Traveling west from Faust on the Pony Express Trail over Lookout Pass, south of Skull Valley, we found a kiosk with information about the Onaqui Mountain wild horse herd that roams this area. I thought, “Yeah, right,” and remembered the many times I had been told to watch for wild horses on a trail and saw nothing.
Imagine my surprise when, having traveled only a short distance west from that sign, we found ourselves in the middle of a large herd of wild horses. Excited about this encounter, we pulled over to watch.
I counted more than 200 horses. I learned later that this was only a part of some 450 horses in the Onaqui Mountain herd that is managed by the Bureau of Land Management.
Taking the time we did, it was fun to observe the dynamics of the herd. On first glance, we saw just a field of horses, but as we watched their movements, we noticed the subgroups. Stallions managed and protected their families. Young males were trying to build their own.
Apparently, our presence didn’t bother them. We watched a stallion cross the road in front of us with two mares and a foal. I couldn’t tell if it was a colt or a filly.
We noticed that the stallion always followed protectively and never led. He may not always be right with them, but he was always alert and kept a close eye on them. If a challenger came anywhere near, the male was right there to defend his territory.
Many of the stallions bore scars from past battles. We spotted two of them as they squared off, standing on their back legs, rearing up and fighting each other with their front hoofs. While some of the young ones playfully chased each other, there was nothing that looked playful between these guys.
The Onaqui horses are colorful, with brown and bay being the most common colors found in the herd. Other colors include roan, buckskin, black, grey, palomino and sorrel. I think you have to be a cowboy to appreciate what a sorrel colored horse is.
We also noticed several horses rolling on the ground. I learned that this behavior is a sign of a healthy horse. It happens more frequently in the spring when the animal is trying to shed a winter coat. It also creates a protection from the sun and insects. According to the Manitoba Co-operator, a newsletter on all things farming, “It is both beneficial to their health and an indicator of their health. Horses that roll relieve themselves of accumulated physical and mental tensions.”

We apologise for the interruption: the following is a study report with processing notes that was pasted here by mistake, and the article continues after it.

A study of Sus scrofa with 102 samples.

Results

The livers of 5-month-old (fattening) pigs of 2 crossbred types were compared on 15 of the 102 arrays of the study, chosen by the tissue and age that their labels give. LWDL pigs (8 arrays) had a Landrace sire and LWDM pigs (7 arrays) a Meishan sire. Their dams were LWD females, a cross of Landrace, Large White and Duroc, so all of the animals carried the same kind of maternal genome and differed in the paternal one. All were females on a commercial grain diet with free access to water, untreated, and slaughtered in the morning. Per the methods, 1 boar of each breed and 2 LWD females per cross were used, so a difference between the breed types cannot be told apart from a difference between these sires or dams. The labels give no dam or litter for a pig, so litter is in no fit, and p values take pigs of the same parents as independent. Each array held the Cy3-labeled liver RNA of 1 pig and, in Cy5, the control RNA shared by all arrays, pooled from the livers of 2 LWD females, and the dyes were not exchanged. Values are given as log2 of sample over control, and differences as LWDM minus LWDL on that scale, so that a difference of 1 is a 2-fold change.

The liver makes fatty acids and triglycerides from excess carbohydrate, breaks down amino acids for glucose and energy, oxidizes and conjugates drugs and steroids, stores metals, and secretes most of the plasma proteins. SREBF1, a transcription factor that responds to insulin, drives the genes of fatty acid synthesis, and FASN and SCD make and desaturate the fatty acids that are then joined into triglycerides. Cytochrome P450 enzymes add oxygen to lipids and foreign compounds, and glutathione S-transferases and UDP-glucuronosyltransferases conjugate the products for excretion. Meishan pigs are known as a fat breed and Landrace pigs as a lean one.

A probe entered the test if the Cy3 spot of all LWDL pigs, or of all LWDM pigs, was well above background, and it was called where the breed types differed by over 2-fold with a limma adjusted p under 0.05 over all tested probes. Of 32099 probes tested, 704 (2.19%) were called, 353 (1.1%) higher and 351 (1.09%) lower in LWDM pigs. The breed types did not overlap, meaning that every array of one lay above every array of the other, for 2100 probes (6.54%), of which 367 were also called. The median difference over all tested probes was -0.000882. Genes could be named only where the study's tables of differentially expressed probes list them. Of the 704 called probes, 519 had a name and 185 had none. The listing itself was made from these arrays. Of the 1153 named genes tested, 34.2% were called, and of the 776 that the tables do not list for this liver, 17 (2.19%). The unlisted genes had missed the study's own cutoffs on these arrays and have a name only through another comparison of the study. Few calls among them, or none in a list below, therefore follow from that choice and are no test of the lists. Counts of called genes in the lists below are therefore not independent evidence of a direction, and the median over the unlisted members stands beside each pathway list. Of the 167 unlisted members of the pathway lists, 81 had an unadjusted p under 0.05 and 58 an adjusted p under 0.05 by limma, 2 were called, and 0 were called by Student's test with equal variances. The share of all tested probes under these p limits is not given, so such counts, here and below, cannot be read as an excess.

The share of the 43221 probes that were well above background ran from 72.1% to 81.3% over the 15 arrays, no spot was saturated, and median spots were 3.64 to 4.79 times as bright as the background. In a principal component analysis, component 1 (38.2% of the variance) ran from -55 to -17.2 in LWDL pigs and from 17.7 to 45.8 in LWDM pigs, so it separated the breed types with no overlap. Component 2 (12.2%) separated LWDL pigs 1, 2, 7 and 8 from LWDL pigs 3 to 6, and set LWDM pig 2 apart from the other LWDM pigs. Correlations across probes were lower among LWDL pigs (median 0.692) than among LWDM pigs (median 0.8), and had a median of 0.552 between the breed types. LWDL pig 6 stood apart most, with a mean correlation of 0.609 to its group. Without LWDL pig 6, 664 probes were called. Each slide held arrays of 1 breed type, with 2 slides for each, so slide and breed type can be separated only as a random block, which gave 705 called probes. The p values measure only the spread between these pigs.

The word “Onaqui” piqued my curiosity. I learned that it is a word from the Goshute Indian language meaning “place of salt.” Miners seeking gold in this area gave the name to some mountains near where we were. The word is pronounced “Onakee.” The emphasis is placed on the “na,” with the “a” having a short vowel sound.
The Onaqui Horse Management area covers 205,394 acres of federal, state and privately owned land between Johnson Pass on the north and Lookout Pass on the south. The challenge is to maintain a balance between available grazing for cattle, sheep and the wild horse herd.
The horses are mustangs have been around since the late 1880s. Mustangs were the breed of horse preferred for Pony Express riders. It wasn’t hard to imagine that maybe some of these might have been descendants of the ones that carried those famous riders.
According to the Tooele County Travel Council, “It is believed the Standard Horse and Mule Company, which provided remounts for the U.S. Army, controlled the original stock. However, according to the BLM, many of the horses … are from descendants that were turned loose or escaped nearby ranches.”
We rode further west on the Pony Express route and found the trough used to water the horses. It appeared to be fed by a well with a natural flow that kept it full. We could see why the mustangs would want to stay close by.
If you are interested in wild horses, this is the place to go for the most likely encounter. Google “Onaqui Mountain Wild Horse Herd” for directions to see these amazing animals. When you go, take plenty of water, keep the rubber side down and if you can find a sorrel horse, you are more cowboy than me.